1. Feb 24, 2013 #1
    1. The problem statement, all variables and given/known data


    2. Relevant equations
    Conservation of energy

    3. The attempt at a solution
    Here are my solutions. Please feel free to correct me. Any help will be appreciated.
    (a) I think that the particle is moving in the negative direction because the potential energy decreases (?)
    (b) Use conservation of energy (total energy=4J, from the graph at x=0.5m): min potential energy=1J => max kinetic energy=3J => max speed=12.2m/s
    (d)kinetic energy=4-3=1J => speed=7.1m/s
    (e)I think the particle will change direction at the points where the derivative is 0. (I'm thinking about gravitational potential energy).
    (f)Again, I think the answer is at points where the derivative is 0 since dU/dx=-Fx

    By the way, I think this graph confuses me a bit. I tried without success to imagine the situation, and the teacher told me that it was going to be complicated since the graph was related to molecular bonds. Also, the problem did not state whether it involves only conservative force or not. Can anyone please make a comment on this graph? Thank you very much!

    Love Phys

    Attached Files:

  2. jcsd
  3. Feb 24, 2013 #2
    (a) If potential energy decreases in the positive x direction, what can be said about the force acting on the particle? What can be said about the motion of the particle under this force if it is at rest initially?

    (e) To change direction, the particle must momentarily have zero velocity. Where would that happen?

    (f) So where are the points where the derivative is zero?
  4. Feb 24, 2013 #3
    Thank you, voko!

    (a) I think the force is acting in the positive direction? Therefore, the particle will move in the positive direction.
    (b) Is it at x=4.5m? I think that's where potantial energy=4J, so kinetic energy must be 0J.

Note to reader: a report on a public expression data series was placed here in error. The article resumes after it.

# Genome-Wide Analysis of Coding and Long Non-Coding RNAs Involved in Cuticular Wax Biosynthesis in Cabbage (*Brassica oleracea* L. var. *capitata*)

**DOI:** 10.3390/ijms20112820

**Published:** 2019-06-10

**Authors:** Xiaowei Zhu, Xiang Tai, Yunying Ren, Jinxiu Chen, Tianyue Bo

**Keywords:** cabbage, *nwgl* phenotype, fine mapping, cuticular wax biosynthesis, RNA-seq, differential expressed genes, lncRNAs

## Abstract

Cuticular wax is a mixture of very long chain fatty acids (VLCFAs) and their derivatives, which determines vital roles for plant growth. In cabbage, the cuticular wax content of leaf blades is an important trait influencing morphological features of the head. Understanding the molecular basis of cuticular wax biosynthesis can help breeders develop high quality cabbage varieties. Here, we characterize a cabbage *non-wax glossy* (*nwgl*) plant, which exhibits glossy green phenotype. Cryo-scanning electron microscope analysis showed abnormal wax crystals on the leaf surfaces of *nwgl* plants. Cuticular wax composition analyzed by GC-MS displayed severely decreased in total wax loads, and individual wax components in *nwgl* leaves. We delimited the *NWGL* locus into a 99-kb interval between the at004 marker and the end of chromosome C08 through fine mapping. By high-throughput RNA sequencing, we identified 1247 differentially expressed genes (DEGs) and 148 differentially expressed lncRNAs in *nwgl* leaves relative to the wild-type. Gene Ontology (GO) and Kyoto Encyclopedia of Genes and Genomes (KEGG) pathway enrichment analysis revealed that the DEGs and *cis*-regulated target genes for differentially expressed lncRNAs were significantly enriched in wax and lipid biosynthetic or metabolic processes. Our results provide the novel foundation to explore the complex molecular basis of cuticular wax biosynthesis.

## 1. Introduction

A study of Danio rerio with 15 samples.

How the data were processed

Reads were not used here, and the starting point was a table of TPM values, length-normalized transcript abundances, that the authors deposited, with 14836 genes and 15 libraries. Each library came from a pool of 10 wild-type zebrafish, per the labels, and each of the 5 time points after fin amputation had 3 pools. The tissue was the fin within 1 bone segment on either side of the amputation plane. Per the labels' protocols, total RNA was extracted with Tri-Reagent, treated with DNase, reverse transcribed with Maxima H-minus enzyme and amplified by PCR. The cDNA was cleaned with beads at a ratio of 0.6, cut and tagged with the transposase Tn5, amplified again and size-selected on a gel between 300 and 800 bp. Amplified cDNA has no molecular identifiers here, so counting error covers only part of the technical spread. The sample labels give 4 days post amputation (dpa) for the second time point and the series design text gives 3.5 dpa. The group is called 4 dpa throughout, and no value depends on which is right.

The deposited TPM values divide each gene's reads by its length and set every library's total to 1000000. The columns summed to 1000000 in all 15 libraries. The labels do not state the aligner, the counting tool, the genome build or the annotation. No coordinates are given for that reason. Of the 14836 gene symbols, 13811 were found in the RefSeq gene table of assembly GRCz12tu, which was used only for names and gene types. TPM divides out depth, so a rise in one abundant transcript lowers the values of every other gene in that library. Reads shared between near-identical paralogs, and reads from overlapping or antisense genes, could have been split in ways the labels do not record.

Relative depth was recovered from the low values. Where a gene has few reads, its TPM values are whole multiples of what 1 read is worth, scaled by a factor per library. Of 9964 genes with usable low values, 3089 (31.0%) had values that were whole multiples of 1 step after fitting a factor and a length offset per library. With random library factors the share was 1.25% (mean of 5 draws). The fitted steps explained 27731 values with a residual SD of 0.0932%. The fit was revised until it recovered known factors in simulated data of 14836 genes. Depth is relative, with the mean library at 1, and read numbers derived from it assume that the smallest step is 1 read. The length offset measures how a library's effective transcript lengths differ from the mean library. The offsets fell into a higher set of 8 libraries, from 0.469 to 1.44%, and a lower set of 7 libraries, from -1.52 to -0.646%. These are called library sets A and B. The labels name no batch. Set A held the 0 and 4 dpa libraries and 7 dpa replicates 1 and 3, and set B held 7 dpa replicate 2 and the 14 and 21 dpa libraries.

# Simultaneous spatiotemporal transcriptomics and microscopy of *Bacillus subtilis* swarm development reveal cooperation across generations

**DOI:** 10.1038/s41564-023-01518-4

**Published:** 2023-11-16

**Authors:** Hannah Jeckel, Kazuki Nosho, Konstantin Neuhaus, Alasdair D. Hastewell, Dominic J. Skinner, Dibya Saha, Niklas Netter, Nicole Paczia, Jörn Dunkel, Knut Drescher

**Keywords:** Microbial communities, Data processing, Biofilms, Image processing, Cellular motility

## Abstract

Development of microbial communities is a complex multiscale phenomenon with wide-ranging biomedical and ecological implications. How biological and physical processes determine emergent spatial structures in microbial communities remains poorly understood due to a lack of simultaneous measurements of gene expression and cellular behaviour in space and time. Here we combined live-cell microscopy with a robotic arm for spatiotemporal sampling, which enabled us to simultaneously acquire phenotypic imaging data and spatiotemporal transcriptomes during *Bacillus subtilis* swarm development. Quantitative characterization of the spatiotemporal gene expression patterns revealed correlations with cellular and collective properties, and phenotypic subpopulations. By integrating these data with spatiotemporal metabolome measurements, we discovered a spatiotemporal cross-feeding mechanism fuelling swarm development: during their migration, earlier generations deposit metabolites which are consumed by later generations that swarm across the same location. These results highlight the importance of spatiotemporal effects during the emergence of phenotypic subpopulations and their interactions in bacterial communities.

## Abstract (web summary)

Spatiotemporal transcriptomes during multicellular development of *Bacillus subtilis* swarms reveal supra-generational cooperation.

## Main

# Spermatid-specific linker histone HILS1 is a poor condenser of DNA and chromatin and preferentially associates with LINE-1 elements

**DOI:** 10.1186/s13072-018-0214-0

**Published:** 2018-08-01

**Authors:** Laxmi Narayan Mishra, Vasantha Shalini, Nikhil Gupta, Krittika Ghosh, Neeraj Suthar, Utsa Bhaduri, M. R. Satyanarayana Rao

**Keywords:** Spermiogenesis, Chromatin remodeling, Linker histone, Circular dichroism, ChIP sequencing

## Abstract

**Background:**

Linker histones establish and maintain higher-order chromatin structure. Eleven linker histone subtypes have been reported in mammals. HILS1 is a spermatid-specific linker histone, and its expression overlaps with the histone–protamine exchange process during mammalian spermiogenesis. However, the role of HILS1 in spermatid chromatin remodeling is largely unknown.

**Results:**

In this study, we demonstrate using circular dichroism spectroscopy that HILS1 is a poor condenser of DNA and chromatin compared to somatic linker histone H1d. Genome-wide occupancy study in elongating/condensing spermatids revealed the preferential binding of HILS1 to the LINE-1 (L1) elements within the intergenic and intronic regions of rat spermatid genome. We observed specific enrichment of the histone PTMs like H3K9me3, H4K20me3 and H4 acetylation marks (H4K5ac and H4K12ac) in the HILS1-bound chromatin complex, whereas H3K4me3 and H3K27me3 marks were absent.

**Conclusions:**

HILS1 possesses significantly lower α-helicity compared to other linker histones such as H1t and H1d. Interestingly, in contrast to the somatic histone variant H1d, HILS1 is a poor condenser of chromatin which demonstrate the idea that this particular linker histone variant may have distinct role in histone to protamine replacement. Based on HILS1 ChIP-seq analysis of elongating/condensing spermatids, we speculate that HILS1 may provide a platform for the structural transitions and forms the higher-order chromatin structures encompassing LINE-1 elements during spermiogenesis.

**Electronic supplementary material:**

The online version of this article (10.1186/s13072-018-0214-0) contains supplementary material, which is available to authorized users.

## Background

(c) I reckon it's at x=2.5, and x=5.25?
  5. Feb 24, 2013 #4
    All correct.

    Is there anything still unclear?
  6. Feb 24, 2013 #5
    For (a), the way I came up with the answer is I took the derivative dU/dx<0, therefore Fx=-dU/dx must be positive. But if I think back of how gravitational potential energy is defined in high school, I am confused again. Assume that I have 2 points A and B on the y axis (y(A)<y(B)) (the positive direction is up), then if I move a particle from B to A, then the gravitational potential energy decreases. And because of the way I choose the positive direction, the gravitational force is acting in the negative direction. So, the particle will move in the negative direction (!?) Sorry this was the kind of picture I had in mind when I answered this question, and obviously it was wrong. Can you please help me understand this? Thank you very much!
  7. Feb 24, 2013 #6
    If you sketch this in the same way, the value of the gravitational potential energy on the vertical axis, and the y distance on the horizontal axis, what will the graph of the gravitational potential energy look like?
  8. Feb 24, 2013 #7
    I think it's going to be a straight line which passes through the origin with gradient = mg. Then if I want to move from B to A, then I'm doing negative work, but the gravitational force is doing positive work (this is true since vector Fg and vector y are in the same direction).
  9. Feb 24, 2013 #8
    The essential feature is that the gradient is positive for gravitation as you go up; in the original problem, however, the gradient in the vicinity of 0.5 m is negative, so the effect of the force is opposite in direction.
  10. Feb 24, 2013 #9
    Thank you very much, voko! I think I understand it now. Well, sometimes it's easier to follow the Math logic, instead of trying to imagine what's going on.
  11. Feb 24, 2013 #10
    I think it could be helpful to keep in mind that a system always tends to go where the potential energy is lower. If you have a plot of potential energy, imagine it is made of wire with a little bead riding on it. Then the bead's motion can be used to model the system.